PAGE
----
Brand stretch learning from Air BnB, Uber and Snap
“Uber, Airbnb and Snapchat are creating side businesses to (each) show their company can move beyond its central business,” according to a recent article in the Wall Street Journal (WSJ). The article suggests a key motivation for this brand stretching by tech companies is justifying sky-high valuations, such as Snapchat’s $18billion price tag, ahead of expected initial public offerings (IPOs).
I suggest below that these three cases of digital brand stretching are in fact quite different and have varying chances of success. I start with the least promising, Snap sunglasses, go on to Uber Eats and finish with the most promising, Airbnb’s travel offering.
Snap Sunglasses: PR-led brand stretch
Until recently Snapchat was know for a simple, highly popular messaging app. In September 2016 it shortened its company name to Snap and launched into hardware with $130 camera-equipped sunglasses and began calling itself a camera company, as reported here. “We believe that reinventing the camera represents our greatest opportunity to improve the way people live and communicate,” states the company’s website.
This brand stretch has taken Snap into a totally different category from the core app business. This has created some buzz for the brand, with WSJ reporting that “roving vending machines around the U.S. have inspired Snapchat fanatics to wait for hours in line to buy the device”. But beyond the PR value, this feels like a bit of a gimmick:
- Size of prize LOW: how many people are really going to want to walk around wearing Snap sunglasses? This is a highly competitive market with a plethora of highly aspirational brands, from sunglass experts like RayBan to fashion labels like Tom Ford and Prada
- Ability to win LOW: just as importantly, this is a digital app business who knows nothing about hardware creation, production, distribution or marketing.
Google, with all its resources and brand equity, failed to make Google Glass a big success, so I struggle to see how Snap will do any better.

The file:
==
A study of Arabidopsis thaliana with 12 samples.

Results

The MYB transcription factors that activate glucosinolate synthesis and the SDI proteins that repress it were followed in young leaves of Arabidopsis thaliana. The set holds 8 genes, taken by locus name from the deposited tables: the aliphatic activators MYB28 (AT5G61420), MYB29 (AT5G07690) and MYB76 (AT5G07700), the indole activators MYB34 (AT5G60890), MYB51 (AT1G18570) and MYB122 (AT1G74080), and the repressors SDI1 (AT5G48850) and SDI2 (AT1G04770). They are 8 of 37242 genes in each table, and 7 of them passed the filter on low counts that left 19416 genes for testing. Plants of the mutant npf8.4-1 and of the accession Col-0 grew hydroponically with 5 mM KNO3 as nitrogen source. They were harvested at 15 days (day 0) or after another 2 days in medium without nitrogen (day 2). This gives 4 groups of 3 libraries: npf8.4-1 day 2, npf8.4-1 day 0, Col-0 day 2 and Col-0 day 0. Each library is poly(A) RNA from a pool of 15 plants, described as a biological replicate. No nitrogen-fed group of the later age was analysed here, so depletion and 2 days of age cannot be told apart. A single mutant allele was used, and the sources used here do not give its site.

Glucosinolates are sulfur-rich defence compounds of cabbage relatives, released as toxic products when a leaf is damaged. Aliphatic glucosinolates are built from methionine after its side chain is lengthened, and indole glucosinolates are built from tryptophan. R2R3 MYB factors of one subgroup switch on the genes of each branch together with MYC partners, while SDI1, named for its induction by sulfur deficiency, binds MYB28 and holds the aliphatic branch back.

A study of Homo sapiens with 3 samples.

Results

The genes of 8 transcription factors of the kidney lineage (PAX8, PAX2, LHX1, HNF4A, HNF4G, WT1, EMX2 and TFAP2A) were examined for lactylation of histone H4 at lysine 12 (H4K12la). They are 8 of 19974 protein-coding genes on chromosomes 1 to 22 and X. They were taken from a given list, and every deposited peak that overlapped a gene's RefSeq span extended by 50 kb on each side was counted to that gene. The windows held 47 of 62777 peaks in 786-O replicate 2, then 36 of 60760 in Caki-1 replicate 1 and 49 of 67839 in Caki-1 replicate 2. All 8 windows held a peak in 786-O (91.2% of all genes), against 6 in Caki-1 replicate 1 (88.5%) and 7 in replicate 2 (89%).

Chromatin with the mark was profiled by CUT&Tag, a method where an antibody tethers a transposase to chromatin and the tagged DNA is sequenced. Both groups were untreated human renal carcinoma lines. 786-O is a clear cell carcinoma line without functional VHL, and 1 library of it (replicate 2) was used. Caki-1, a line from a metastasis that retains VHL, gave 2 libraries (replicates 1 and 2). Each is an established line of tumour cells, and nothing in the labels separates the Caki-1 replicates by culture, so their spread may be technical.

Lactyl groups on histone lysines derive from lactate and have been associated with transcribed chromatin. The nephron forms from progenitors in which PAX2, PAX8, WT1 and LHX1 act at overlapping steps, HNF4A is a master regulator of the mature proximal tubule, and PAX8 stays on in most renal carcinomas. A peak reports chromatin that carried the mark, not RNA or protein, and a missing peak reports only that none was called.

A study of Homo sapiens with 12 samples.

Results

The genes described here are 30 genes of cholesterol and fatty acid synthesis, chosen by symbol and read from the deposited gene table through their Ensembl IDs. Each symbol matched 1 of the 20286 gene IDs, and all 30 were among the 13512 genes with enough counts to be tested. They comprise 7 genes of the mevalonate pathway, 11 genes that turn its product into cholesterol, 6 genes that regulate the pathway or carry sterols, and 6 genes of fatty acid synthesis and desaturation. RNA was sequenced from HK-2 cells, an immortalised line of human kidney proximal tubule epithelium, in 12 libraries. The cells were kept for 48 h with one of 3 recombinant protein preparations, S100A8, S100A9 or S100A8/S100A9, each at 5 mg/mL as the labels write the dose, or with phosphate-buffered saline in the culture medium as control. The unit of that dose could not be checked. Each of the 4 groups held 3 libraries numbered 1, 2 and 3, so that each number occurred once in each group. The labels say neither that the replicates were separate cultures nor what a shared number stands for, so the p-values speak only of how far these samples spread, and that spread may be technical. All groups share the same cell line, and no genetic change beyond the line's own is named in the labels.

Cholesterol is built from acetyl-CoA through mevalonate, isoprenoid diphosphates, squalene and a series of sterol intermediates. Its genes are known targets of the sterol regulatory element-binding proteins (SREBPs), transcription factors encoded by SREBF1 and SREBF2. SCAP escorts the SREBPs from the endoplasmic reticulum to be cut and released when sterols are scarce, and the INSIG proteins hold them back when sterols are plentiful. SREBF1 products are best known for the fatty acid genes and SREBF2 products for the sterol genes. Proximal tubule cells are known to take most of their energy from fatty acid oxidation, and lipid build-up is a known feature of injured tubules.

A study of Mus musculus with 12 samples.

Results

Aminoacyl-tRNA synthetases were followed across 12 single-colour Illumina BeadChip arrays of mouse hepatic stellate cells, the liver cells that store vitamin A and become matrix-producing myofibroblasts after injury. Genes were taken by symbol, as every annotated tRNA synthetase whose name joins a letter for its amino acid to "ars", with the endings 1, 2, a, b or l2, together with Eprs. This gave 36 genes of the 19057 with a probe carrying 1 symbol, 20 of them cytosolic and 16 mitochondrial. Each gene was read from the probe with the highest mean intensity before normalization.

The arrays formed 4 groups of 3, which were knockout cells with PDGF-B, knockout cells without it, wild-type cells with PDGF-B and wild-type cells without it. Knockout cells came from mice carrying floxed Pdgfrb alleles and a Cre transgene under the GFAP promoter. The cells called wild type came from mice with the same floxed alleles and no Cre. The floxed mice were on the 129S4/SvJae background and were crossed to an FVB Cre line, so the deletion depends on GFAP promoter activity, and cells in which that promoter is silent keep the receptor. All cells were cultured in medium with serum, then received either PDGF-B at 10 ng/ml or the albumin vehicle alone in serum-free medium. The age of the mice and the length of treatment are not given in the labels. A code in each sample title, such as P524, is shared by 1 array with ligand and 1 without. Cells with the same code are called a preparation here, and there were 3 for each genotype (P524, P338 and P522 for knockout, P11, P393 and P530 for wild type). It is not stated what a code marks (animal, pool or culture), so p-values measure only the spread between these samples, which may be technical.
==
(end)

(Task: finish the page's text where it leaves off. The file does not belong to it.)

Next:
Uber Eats: technology-led stretch
Uber has an even bigger job to justify its valuation, which is reported to be a mind-boggling $68 billion! The brand has stretched from its taxi hailing core business into food delivery with Uber Eats, with the rather lofty ambition of “changing the logistical fabric of cities.” This is what I would call a ‘technology-led’ stretch. It is based on finding new uses for the company’s capabilities in online ordering, scheduling and transportation, rather than building on what has made the brand famous from a consumer stand-point. I’d rate the chances of Uber Eats becoming a significant, profitable long term business as medium to low:
- Size of prize LOW: there is a clearly a need for food delivery in major cities, and there is a link, albeit weak, between the Uber brand transporting people and transporting food. But the market is highly competitive, with Uber up against specialists for whom food delivery is their core business, such as Deliveroo and Just Eats in the UK
- Ability to win MED/LOW: Uber has tech for order placing and navigation. But the Uber Eats platform is more complex to run, as it now has to manage thousands of relationships with restaurants and cafés, not just the drivers. It has to persuade these food providers that it is a better bet than the expert food delivery brands mentioned above.
Airbnb Trips: stretch from the core
Last, and most promising, is Airbnb stretch into offering travel services with Airbnb Trips. The site plans to become “a one-stop shop offering excursions, restaurant reservations and eventually flights and car rentals”, according to the WSJ report of a recent conference for thousands of the site’s hosts, where CEO Brian Chesky said his company would “make travel magical again.” The home-rental site has been testing for the last two years new travel-related services such as skateboarding lessons and nude photo shoots (huh?). This seems to be a much more promising stretch:
- Size of prize HIGH: first, there is a chance for some additional revenue, with Airbnb taking a cut of any additional services sold. But what is really powerful about this brand stretch is how it strengthens the core, making the home rental offering even more attractive, and adding to the core brand idea of ‘Don’t stay there, live there’, that I posted on here.
- Ability to win HIGH: the stretch builds on the brand’s expertise in travel, and can also leverage the knowledge of the company’s thousands of hosts. Also, many of the services such as hire cars and flight can be seamlessly and easy integrated into the website. This can be done via a handful of big, strategic alliances in contrast to the nightmare take of Uber negotiating with thousands of restaurants.
In conclusion, these new-age digital brands attempts to stretch illustrate the fundamental and enduring principles of brand stretch: leverage your band equities and capabilities to add value in a new market, in a way that reinforces your core business.